QUICKTAKE: Love, Antosha

The Buzz: Love, Antosha is the sign-off actor Anton Yelchin used as a child and continued to use as an adult when writing loving letters to his mother. Yelchin died in a tragic accident in 2016 at the young age of 27, at a time when he seemed primed to explore new creative heights as an actor and director. Yelchin was well known for his roles, but there was also a lot about Yelchin the world didn't know, including the fact that he was diagnosed with Cystic Fibrosis as a child. With the disease resulting in an average lifespan of 37 years, Yelchin lived his life with a voracious appetite for new work and experiences, wringing the depth and meaning out of everything around him. Through a series of interviews with his family, his friends, and colleagues, including the cast of Star Trek, Kristen Stewart, Jennifer Lawrence, Willem Dafoe, and more, the film chronologically explores the chapters of Yelchin's life. Filled in with home video footage, notes from his journal, and scenes from early works, this brisk documentary does a solid job in weaving pieces of Yelchin's life together to form a touching tribute. 

What's Great About This Movie: The most striking thing about Love, Antosha is the love story it tells between a mother and son. Yelchin was born to professional Russian ice skaters who fled from their country to afford their son a better life. Devastated by his diagnosis of CF at a young age (which they withheld from him until he was 17), Yelchin's parents provided unwavering support and commitment in helping him chase his artistic pursuits. For his part, it's clear that Yelchin loved his parents in an earnest, sweet, and doting way that was so rarely openly displayed in men of his age. Yelchin's death left his parents in a state of permanent mourning -  his mother still wears his denim jacket around the house, leaving everything intact in the pockets. And to this day they visit his grave daily. But in spite of that, the film manages to feel more like a celebration than a goodbye.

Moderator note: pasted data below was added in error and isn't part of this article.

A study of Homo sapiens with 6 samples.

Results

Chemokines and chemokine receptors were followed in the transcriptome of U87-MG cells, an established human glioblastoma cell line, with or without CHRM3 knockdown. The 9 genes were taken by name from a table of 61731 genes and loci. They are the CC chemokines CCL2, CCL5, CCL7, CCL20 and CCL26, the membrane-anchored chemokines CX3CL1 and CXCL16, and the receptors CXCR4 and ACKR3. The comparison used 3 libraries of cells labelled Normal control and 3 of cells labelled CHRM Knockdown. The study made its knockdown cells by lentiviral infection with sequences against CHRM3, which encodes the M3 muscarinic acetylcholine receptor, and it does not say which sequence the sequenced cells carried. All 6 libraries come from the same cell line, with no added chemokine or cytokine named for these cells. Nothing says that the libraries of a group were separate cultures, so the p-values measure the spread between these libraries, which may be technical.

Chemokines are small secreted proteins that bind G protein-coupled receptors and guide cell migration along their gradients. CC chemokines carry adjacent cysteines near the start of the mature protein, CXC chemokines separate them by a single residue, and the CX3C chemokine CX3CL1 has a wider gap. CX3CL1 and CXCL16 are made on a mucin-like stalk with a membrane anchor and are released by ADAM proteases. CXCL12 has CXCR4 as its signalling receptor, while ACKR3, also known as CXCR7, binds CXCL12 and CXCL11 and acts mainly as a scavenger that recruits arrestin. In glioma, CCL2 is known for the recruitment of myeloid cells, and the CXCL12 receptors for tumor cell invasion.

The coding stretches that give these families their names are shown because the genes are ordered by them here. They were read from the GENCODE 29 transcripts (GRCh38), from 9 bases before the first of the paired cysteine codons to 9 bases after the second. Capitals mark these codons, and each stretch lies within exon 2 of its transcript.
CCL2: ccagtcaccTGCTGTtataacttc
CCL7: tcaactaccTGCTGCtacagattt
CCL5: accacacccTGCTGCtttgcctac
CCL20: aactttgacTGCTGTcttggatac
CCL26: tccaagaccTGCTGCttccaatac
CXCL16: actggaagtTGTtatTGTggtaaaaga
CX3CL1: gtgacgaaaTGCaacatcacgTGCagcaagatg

What's Not-So-Great About this Movie: I wouldn't consider it a criticism, but perhaps a missed opportunity: for a film so open about Yelchin's life and death, family and friends, I found myself wondering about the filmmaker's relationship to the project and what spring-boarded it. Once I found the answers, I wished it had been included: the story of telling the story. It turns out director Garret Price didn't know Yelchin, but decided to take on the project at the behest of his parents, who were searching for a way to get this documentary made. Yelchin's parents are essentially the reason this documentary exists. According to Price, Anton's father confided after the project was complete: "Every time I see it, I get to spend an hour and a half with my son." 

Final VerdictLove, Antosha does a lot with very little time, which is nothing if not fitting. It's a compelling and thoughtful look at Yelchin's life and it's well-worth a viewing, whether you were familiar with the actor or not. Yelchin lived his life fighting for the opportunity to do and be more than the shattering prognosis he'd lived with since he was a teenager, and even though his life was cut even shorter than he'd possibly feared, he managed to pack more experiences into 27 years than many actors could achieve in a lifetime. 

Love, Antosha is now playing at Landmark Midtown Arts Cinema in Atlanta and select cities around the country.